I grew up in a pretty stereotypical Evangelical setting, which led to a pretty stereotypical back-and-forth between guilt and self-righteousness. That is, until I heard the Gospel of radical Grace.

Many of us have this same story, where it has been so healing to hear that how God relates to us is not, in fact, based on our performance. Instead, everything necessary for God to be pleased with us has been accomplished on our behalf by his Son.

And so, in response to this, we fall in love with God’s Grace. We pray for it, long for it, and cry for it. We read books about it, write about it, and blog about it (I even did a five-part series on it myself). We try and speak it into others’ lives while trying to figure out why we don’t apply it to our own. We joyfully build our relationship with God on the glorious foundation of His Grace. It is fundamental, primary, and essential.

In short: we love Grace.

Imagine my surprise, then, as I fell in love with liturgy and forms of worship that were centuries-old, to begin noticing the utter lack of “grace” from the prayers and worship of the earliest saints.

For example, I have used the Book of Common Prayer to guide my personal prayer and worship for a couple of years now. In 100 pages of liturgy and prayers for use at Morning, Noon, Evening, and Late-night, there are only six references to grace, and four of those are from Bible verses quoted, and only two are included as part of the liturgy. “Grace” appears in none of the collects, prayers, or songs that I looked through.

In fact, if you think about it, neither the Lord’s Prayer, the earliest Christian hymn we know of (Philippians 2:6-11), the Apostle’s Creed, the Nicene Creed, nor the Athanasian Creed include any reference to grace.

So what do they focus on, if not grace? Here are some highlights from the liturgies and prayers throughout Church History:

Almighty God, Father of all mercies…we pray, give us such an awareness of your mercies…

The mercy of the Lord is everlasting: Come let us adore him.

Lord, have mercy. Christ, have mercy. Lord, have mercy.

O Lord, have mercy upon us, have mercy upon us. O Lord, let thy mercy be upon us.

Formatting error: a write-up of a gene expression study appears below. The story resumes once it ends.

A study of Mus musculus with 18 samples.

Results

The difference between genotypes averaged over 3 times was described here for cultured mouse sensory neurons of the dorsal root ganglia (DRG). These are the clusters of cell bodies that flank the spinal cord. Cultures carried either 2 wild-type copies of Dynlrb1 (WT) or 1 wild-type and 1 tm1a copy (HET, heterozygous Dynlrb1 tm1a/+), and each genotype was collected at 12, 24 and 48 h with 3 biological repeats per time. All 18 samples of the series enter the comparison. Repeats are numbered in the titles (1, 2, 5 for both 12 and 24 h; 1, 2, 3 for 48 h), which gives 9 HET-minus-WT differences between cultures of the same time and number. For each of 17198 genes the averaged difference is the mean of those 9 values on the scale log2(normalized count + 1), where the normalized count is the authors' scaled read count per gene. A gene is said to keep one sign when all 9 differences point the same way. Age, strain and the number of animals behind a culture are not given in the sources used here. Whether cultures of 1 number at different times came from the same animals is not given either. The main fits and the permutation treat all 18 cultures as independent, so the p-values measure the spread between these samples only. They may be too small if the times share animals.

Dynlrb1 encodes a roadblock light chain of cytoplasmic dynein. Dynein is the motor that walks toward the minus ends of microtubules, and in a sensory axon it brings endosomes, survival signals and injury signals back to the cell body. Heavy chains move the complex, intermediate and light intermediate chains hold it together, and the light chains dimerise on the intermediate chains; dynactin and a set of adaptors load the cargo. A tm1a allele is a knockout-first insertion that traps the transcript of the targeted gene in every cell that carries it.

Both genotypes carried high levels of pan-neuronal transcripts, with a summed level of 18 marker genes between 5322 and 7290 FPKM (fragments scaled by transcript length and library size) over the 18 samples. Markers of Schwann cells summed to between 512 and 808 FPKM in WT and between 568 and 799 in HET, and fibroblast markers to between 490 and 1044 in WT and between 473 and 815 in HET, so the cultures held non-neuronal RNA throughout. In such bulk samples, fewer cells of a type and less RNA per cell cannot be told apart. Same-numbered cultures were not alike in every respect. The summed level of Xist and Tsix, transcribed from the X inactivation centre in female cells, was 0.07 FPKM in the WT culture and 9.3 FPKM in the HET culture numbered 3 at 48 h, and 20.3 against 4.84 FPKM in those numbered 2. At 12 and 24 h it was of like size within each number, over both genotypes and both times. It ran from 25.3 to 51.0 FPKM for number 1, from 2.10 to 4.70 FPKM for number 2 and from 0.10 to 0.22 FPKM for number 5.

Lord Jesus, Son of God, have mercy on me, a sinner.

Kyrie Eleison… (Greek for “Lord have mercy”. In some ancient liturgies, this phrase was repeated up to 40 times in one church service)

Mercy. Lots of and lots of Mercy. It was hard to notice this. I had to face some tough questions. Why is this so lopsided from the way we usually talk about spirituality nowadays? What does “mercy” have to do with worship, prayer, and drawing near to God?  Have we stressed the wrong thing? Why are we so obsessed with grace? Is this why we suck so badly at it?

At least for me, I realized that I saw grace mainly as the “juice” God gave me to obey him; the strength God gave to grow; a gift of God that helps me please him better. In short, my spiritual life was/is still defined mainly by a desire to perform/obey/please God/“make my election sure”/etc. It seems part of me has just baptized my Pharisaism in Reformed Theology.

But what’s with this “Mercy” emphasis, and why do we not talk the same way? I think (once again, at least in my case) Mercy has more to do with God’s relating to me in spite of something in me. Mercy always assumes there’s something being looked over or forgiven.

Grace, on the other hand, is more like a little gift God gives me after he’s been merciful to me. It’s something “extra”–the blessing that comes with right relationship. It’s his enabling of my relating to him.

If I’m honest, I don’t like focusing on what God has to overlook and overcome within me. I just want to get to the benefits and the way he might help me perform better. I’ll admit my neediness in an attempt to overcome it, but not to rest secure in it. As I’ve written before, I know God loves me, but at times I doubt he really likes me.

But there is still good news that these saints of old whisper to me. They remind me that before God is gracious, he is merciful. I can’t get the grace until I get the mercy. They show me that the response I should have to my sin and shortcomings is not first and foremost to try and find more resources to overcome and conquer the darkness within me.

Rather, it’s to pray and plead that God might be merciful and still look upon me with pleasure. And then it’s to praise him that, in his mercy, he has promised he does.

And then I need to rest.

Maybe this is why, in spite of all of our beautiful theology on grace, we’re bad at it. Without the backdrop of God needing to be merciful to us in the first place, his grace doesn’t truly captivate us.

So let us fall on our knees and cry for mercy. And in his mercy, may he give us grace.

Lord, have mercy. Christ, have mercy. Lord, have mercy.